Health and Safety
Rights and Responsibilities
You have health and safety rights and responsibilities under the Independent Production Agreement (IPA) and National Commercial Agreement (NCA), the Occupational Health and Safety Act and the Section 21 Health and Safety Guidelines for the Film and Television Industry. Become familiar with them. Make safety your number one priority.
- Keep your eyes open and stay alert.
- Notify someone on the crew if you see something that looks unsafe.
- Be helpful, respectful and patient. Most problems can be resolved quickly and to everyone’s satisfaction.
- Ask questions if you are unsure of your situation or responsibilities.
- Identify the crew Health and Safety Representative and the Stunt Coordinator (if applicable) listed on the call sheet.
NOTE: Health and Safety Awareness Training is MANDATORY for all workers in Ontario, including performers. Please click here for more information about this government initiative.
Specific Areas of Concern to Actors on a Film Set
Slip and Fall Accidents
These account for the majority of all workplace injuries. Exercise caution around “honey wagons,” bathrooms and loose cables. Be careful on stairs and when crossing roads or highways.
- Wear proper (seasonal) clothing and footwear.
- Insist on proper water wear for conditions.
- Bring layers to stay warm and cover up between.
- Drink plenty of water. Water should be clean and of a reasonable temperature.
- You have the right to clean, accessible toilet facilities.
- Watch to see that Makeup and Craft Service personnel are following reasonable hygienic procedures.
- Be careful and ask questions when working with “smoke” or artificial snow on a set.
- Be cautious around propane heaters. They are NOT to be used in an enclosed space.
Allergies and Medical Conditions
Make appropriate production and crew members aware of any allergies (e.g., food, makeup, animals), chemical sensitivities, phobias, or medical conditions (e.g., epilepsy, chronic back pain, heart condition) you have that may be triggered by the set environment.
- Be alert around heavy equipment (e.g., cranes, set structures, overhead lights and flags).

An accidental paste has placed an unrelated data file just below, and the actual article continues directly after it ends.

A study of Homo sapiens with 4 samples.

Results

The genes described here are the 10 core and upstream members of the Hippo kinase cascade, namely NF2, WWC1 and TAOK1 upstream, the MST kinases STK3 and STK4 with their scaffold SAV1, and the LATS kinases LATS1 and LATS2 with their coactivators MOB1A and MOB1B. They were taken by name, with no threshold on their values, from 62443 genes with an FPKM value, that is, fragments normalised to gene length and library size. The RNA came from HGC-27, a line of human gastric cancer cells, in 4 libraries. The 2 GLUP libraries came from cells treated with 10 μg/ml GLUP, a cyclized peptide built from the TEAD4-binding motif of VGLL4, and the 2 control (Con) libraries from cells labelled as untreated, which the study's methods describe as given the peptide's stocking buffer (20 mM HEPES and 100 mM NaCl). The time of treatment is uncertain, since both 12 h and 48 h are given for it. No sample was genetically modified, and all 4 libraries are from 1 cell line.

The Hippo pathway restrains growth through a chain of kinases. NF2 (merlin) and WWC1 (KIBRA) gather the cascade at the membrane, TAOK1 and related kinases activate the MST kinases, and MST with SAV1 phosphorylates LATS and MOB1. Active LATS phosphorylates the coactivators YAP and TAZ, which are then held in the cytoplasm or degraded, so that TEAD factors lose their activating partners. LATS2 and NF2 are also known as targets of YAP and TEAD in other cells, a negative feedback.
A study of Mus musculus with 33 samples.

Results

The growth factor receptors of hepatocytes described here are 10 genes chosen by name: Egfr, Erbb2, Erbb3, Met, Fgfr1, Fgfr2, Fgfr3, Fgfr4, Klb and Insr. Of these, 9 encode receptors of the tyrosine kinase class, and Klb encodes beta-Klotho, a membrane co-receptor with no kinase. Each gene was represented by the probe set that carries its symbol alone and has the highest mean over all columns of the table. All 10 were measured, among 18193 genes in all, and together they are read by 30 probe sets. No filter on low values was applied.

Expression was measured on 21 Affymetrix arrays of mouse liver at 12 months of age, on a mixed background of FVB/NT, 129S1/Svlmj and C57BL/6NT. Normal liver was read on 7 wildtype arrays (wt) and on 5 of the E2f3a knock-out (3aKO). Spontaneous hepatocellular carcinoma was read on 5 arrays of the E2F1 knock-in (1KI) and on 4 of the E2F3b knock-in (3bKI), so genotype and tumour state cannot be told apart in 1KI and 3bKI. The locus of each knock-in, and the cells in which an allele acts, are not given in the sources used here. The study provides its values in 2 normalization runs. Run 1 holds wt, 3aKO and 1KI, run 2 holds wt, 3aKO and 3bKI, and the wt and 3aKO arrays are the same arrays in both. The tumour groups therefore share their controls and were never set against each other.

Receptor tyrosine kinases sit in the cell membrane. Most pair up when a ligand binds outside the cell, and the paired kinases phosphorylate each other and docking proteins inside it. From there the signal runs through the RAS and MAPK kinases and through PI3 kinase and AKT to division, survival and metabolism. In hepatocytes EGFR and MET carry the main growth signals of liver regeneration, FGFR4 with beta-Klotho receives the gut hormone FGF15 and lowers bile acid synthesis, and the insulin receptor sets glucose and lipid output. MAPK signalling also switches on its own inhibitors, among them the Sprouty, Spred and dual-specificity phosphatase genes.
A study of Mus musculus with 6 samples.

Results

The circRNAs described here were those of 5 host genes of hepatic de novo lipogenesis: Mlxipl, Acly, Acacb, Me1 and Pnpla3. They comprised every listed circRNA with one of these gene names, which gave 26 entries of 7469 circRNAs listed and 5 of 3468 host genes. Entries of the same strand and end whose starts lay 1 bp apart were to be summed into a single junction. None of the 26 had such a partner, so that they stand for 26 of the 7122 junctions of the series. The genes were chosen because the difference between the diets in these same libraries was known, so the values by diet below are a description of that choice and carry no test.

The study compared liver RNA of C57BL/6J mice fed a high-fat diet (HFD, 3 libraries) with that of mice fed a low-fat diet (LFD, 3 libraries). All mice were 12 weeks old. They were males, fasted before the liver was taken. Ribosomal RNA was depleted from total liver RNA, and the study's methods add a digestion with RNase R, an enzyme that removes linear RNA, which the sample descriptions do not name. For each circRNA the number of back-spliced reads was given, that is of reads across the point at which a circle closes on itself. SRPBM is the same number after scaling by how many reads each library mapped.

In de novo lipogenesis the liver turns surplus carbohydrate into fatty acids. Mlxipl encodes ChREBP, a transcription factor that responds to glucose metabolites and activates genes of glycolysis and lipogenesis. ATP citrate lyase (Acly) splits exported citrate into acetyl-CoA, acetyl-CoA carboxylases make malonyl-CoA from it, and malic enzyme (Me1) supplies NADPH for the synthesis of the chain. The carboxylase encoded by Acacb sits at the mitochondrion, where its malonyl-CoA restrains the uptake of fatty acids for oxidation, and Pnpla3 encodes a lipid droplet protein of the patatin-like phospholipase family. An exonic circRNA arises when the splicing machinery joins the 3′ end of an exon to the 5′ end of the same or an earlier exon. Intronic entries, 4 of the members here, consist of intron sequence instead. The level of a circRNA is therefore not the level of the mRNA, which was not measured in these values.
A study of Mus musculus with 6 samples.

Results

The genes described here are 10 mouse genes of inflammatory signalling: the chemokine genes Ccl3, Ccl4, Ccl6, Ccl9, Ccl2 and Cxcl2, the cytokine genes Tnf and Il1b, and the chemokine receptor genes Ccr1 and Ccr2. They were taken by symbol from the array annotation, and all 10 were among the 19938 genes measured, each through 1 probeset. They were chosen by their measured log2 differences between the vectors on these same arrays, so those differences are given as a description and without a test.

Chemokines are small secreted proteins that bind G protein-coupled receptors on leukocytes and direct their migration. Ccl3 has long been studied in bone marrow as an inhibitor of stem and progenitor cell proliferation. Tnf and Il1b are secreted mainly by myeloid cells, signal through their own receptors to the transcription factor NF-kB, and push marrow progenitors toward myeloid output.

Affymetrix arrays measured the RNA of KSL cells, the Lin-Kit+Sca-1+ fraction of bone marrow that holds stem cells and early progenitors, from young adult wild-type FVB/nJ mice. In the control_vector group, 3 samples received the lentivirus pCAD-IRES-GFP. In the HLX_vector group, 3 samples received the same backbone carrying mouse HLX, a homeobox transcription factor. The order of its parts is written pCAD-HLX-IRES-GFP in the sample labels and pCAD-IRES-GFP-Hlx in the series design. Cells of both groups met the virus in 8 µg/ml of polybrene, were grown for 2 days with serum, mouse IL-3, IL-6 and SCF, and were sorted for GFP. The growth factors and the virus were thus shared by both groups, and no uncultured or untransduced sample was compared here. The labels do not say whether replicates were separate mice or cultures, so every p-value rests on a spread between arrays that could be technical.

- Be aware of when and where firearms, explosives, pyrotechnics, open flames, helicopters, wind machines and the like will be used on set.
- If you’re in the shot when a stunt is to be performed, ask if you can attend the on‐set safety meeting whether you’re doing the stunt or not.
- Watch for laser measuring devices being used by focus pullers and other crew members. Ask if they are in use on set and avoid looking directly at them.
WEAR SEAT BELTS! Don’t overestimate your driving skills. If you’re not a “professional” stunt driver, let someone else drive. If you’ve never ridden a motorcycle or driven a boat, the set is not the place to learn.
Animal actors are specially trained. Do not approach them without the trainer’s permission and supervision. If you’re in a scene with an animal, talk to the trainer. Learn all you can about your fellow actor.
Special Performance Regulations exist in the IPA, NCA and Ontario’s Protecting Child Performers Act to protect child performers. DO NOT BEND THE RULES TO PLEASE PRODUCTION. These rules were hard‐fought and are in place for the benefit of vulnerable performers.
What Is a Stunt?
A stunt is a performance that would be considered dangerous if not performed by someone with special training or that is beyond a performer’s general experience or abilities and would therefore place them at risk of injury. A Stunt Coordinator is the best person on the set to decide whether any particular performance is a stunt and subject to a stunt fee.
If there is no Stunt Coordinator on set and you feel it would be unsafe for you to attempt the performance that is being requested of you, you should let production know of your concerns and suggest they get a qualified stunt performer to do the performance. Be aware that long‐term, career‐ending injuries can result from poorly performed or dangerous stunts. Proceed with caution and never misrepresent your ability to perform special skills (e.g., rollerblading, horseback riding, etc.)
If You Are Injured or Become Ill On Set*
*set: includes all areas of the performer’s workplace
- REPORT THE INJURY to the closest Assistant Director and the Crew Health and Safety Representative.
- See the set nurse or medic when available.
- Ask the production the name of their insurer for workplace accident/injury insurance.
- Go to the hospital. Even small injuries can have dire consequences. Ask for a copy of the report.
- Complete documents to protect yourself for any future insurance claim. These may include an Accident Report, a WSIB Report, and a Police Report (for auto accidents).
- Make detailed notes about the incident, including names and observations.
- Call the ACTRA Business Representative responsible for the production at 416‐928‐2278 and provide them with copies of all documentation.
- See your family doctor as soon as possible. Have your doctor write a letter describing your condition.
- If you have questions about AoS (Accident on Set) please email Tania Cardwell.
If you find yourself sick or injured a few days after an incident on set, see your family doctor IMMEDIATELY and notify the ACTRA Business Representative responsible for the production.